New Infrared spectacles fool facial recognition systems


If you are more paranoid than fashion conscious, researchers in Japan have got you covered. They’ve developed a pair of spectacles specially designed to stop you being caught out by facial-recognition software on security cameras.

The National Institute of Informatics put out a press release on their work last month but it appears their ability to avoid detection wasn’t limited to security cameras: mainstream media sources in the West have only just picked up on the news.

According to the researchers, led by associate professor Isao Echizen, the project came about because existing facial recognition use by police and other security groups has now spread to the wider population through technology used by the likes of Google and Facebook.

They pointed to a study at Carnegie Mellon University where students were photographed on a webcam. In 31 percent of cases, the researchers could correctly provide their name thanks to cross-referencing with Facebook profiles, a process taking an average of three seconds. Researchers also looked at 6,000 profiles on a dating site where members use a screenname rather than their real name; for 10 percent of the profiles, researchers could find their true identity from Facebook profile pics.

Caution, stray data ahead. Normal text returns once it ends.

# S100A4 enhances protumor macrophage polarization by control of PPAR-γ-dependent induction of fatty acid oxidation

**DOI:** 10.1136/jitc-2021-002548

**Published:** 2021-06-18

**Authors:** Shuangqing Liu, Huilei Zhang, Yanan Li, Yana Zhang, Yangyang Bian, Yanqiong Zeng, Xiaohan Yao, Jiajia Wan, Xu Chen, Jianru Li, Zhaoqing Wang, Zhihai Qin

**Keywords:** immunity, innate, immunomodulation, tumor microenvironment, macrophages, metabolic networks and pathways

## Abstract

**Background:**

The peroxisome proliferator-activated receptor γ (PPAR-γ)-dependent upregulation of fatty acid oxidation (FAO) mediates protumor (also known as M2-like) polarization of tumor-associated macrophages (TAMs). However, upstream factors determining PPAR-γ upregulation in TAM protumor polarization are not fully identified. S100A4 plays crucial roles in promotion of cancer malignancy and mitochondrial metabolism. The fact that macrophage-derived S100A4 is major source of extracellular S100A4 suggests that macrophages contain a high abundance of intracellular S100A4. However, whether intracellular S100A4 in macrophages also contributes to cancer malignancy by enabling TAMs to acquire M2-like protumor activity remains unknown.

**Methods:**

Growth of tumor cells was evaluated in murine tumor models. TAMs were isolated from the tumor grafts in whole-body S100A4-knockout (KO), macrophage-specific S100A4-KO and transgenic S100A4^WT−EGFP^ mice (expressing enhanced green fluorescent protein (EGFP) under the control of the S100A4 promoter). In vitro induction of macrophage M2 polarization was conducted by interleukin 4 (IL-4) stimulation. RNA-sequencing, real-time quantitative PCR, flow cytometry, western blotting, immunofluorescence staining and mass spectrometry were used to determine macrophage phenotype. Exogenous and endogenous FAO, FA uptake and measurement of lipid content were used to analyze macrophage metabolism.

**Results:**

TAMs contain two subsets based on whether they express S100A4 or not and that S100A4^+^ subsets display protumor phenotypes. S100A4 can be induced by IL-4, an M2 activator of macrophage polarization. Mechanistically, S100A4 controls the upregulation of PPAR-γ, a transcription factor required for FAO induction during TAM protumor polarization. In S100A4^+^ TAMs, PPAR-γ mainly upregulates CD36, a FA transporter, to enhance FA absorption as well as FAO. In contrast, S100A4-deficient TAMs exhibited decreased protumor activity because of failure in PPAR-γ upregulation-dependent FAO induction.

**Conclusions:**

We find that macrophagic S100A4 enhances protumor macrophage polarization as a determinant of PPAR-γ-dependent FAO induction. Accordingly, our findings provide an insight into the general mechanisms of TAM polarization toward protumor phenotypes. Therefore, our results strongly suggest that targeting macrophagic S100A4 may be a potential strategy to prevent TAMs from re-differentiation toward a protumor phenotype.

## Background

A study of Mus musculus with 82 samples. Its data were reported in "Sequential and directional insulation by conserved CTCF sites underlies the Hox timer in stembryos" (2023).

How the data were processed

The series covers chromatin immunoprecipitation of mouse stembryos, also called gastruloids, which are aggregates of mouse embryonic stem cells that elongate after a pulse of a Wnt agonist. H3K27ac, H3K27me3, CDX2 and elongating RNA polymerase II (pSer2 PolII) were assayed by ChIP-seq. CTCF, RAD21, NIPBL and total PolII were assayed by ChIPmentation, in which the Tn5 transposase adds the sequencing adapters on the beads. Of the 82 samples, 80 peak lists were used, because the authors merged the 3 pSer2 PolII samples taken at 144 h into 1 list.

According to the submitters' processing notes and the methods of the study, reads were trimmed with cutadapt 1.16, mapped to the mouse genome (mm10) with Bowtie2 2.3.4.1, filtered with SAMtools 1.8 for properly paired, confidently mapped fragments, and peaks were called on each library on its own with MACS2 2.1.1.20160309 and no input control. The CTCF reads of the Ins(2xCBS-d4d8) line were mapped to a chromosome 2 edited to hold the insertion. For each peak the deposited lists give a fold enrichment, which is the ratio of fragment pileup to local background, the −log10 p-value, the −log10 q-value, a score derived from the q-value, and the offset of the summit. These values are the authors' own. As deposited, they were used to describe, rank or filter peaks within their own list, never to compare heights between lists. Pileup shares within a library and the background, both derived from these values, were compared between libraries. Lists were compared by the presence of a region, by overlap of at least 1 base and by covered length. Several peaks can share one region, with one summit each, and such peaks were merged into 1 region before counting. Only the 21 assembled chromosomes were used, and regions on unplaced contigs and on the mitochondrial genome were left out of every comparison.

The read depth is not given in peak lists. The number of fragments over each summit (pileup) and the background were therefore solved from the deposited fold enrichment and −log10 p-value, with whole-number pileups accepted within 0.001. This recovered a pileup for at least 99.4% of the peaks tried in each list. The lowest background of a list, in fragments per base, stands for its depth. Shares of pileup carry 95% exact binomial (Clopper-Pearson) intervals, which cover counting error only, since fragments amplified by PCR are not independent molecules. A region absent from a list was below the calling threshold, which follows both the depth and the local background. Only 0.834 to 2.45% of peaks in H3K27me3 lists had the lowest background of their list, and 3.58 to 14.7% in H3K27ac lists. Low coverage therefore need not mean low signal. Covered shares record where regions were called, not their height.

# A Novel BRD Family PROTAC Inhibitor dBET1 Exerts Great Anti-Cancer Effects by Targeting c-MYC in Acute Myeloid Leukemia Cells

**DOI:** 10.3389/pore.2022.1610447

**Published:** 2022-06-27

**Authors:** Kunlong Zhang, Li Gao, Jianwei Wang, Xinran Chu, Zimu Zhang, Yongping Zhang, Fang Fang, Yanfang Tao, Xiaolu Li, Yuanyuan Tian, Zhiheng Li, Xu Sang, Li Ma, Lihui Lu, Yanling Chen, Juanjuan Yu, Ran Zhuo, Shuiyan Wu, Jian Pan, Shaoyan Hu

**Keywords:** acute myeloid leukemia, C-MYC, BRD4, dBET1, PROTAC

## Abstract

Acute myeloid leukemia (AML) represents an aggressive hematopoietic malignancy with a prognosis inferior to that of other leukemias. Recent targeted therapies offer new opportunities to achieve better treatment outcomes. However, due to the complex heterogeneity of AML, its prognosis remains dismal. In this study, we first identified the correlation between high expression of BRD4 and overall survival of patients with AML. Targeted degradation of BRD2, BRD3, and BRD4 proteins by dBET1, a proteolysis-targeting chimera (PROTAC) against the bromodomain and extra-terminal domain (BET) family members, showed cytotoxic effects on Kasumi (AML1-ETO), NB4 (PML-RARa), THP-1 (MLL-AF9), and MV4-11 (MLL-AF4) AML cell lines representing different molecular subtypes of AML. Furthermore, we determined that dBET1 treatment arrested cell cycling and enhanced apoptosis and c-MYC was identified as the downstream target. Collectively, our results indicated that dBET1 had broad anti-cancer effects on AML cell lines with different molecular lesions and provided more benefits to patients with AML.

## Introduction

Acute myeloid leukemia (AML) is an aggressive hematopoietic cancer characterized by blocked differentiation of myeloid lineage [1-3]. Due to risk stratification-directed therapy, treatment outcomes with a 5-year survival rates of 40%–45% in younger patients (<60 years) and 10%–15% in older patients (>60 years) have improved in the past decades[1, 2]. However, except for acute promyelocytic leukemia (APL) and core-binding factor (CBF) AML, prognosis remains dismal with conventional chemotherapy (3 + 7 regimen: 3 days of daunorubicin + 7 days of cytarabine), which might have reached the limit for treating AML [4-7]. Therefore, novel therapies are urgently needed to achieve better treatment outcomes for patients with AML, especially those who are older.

Echizen and company noted that people have previously tried to get round facial detection systems through methods such as coloring their face or growing and wearing their hair in a way that obscured facial features. The researchers noted this technique is limited because it gets in the way of normal face-to-face interaction.

Instead they tried to develop a solution that took advantage of the fact that cameras can detect a wider range of light wavelengths than the human eye: around 200 to 1100 nm for cameras and 380 to 780 nm for humans.

They used this to develop spectacles that use a near-infrared LED beam, which operates at a wavelength slightly too high for the eye to see. However, it causes enough “noise,” which is visible by the camera, that it leaves it unable to distinguish the actual facial features of the wearer and the facial detection fails.

The LED light can be switched on or off at any time. In the current design, it’s powered by a small battery that has to be put in a pocket and connected to the glasses by a cable.